A European Country Ran 100 Percent on Renewable Energy for Four Days Straight

It sounds like the kind of thing you'd hear somebody say right before adding "and it didn't die," but it's not the case here. This is actually an excellent piece of news, especially since it's not one of the countries you're probably thinking of.
When it comes to renewable energy in Europe, the leading nations are perceived to be Germany, Holland, and the Scandinavian countries of Denmark, Sweden, and Norway (OK, Finland too). The rest haven't been so open to embracing the more eco-friendly ways of producing electricity, and so they still rely on burning coal and other fossil-based fuels.

When the financial crisis struck in 2007, one of the hardest hit countries on the Old Continent was Portugal. Its economy didn't seem strong enough to face the new challenges, the unemployment rates went up, and the country appeared to be going on a downward slope. Its reliance on tourism was felt when people suddenly became more careful with how they spent their money, and so Portugal joined the ranks of Greece or Ireland on the list of countries in the wake of financial collapse.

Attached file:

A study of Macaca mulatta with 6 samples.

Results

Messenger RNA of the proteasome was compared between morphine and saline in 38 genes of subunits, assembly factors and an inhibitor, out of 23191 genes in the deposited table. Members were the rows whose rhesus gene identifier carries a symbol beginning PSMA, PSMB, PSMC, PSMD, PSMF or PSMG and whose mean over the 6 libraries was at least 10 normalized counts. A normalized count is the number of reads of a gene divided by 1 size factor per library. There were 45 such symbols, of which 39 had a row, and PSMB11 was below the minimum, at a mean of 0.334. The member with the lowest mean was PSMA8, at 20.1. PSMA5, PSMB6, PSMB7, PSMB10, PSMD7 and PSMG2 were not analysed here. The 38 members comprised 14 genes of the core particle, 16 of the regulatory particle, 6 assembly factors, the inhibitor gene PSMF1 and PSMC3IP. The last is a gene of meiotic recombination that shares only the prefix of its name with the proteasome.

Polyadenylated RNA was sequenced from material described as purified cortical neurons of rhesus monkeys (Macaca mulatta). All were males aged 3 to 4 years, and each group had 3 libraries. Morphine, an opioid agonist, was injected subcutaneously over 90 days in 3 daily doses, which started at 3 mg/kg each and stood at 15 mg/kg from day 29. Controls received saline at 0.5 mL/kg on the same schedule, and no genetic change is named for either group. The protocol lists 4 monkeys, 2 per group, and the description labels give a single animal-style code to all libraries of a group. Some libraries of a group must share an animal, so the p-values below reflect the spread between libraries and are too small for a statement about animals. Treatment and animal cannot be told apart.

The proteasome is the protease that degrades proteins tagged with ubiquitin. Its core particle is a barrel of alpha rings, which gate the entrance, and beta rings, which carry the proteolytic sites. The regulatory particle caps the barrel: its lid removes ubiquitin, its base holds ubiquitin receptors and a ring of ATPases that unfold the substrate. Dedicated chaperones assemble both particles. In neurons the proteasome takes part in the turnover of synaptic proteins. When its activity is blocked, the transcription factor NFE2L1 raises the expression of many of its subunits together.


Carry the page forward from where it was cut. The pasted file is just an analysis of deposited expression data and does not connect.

But the Lusitans made it through, and they are now able to register record levels of renewable energy production. Thanks to its windy coast and the fact that Portuguese citizens learned to consume less, Portugal was able to sustain the whole country's energy requirements for 107 hours straight, a new study brought forward by SolarCrunch and conducted by the National Energy Network (REN) and the Portuguese Renewable Energy Association (APREN) shows.

Portugal closed all of its coal mines in 1994, but it continued to import it and use it in its power plants ever since. But the country's reliance on fossil fuels is dwindling rapidly, with the future looking very promisingly indeed. The most important source of energy comes from biomass, followed by hydropower and wind turbines.

Throughout Europe, various other records are being broken: the United Kingdom did not burn any coal for a whole day for the first time in over one hundred years, and Germany met its power demand almost entirely from its wind farms (99.3 percent on May 16 at 2:00 PM). Denmark, however, is the clear leader producing 140 percent of the energy it consumes on wind power alone.

This gives us hope for a sustainable future where most - if not all - of transportation will imply the use of electricity.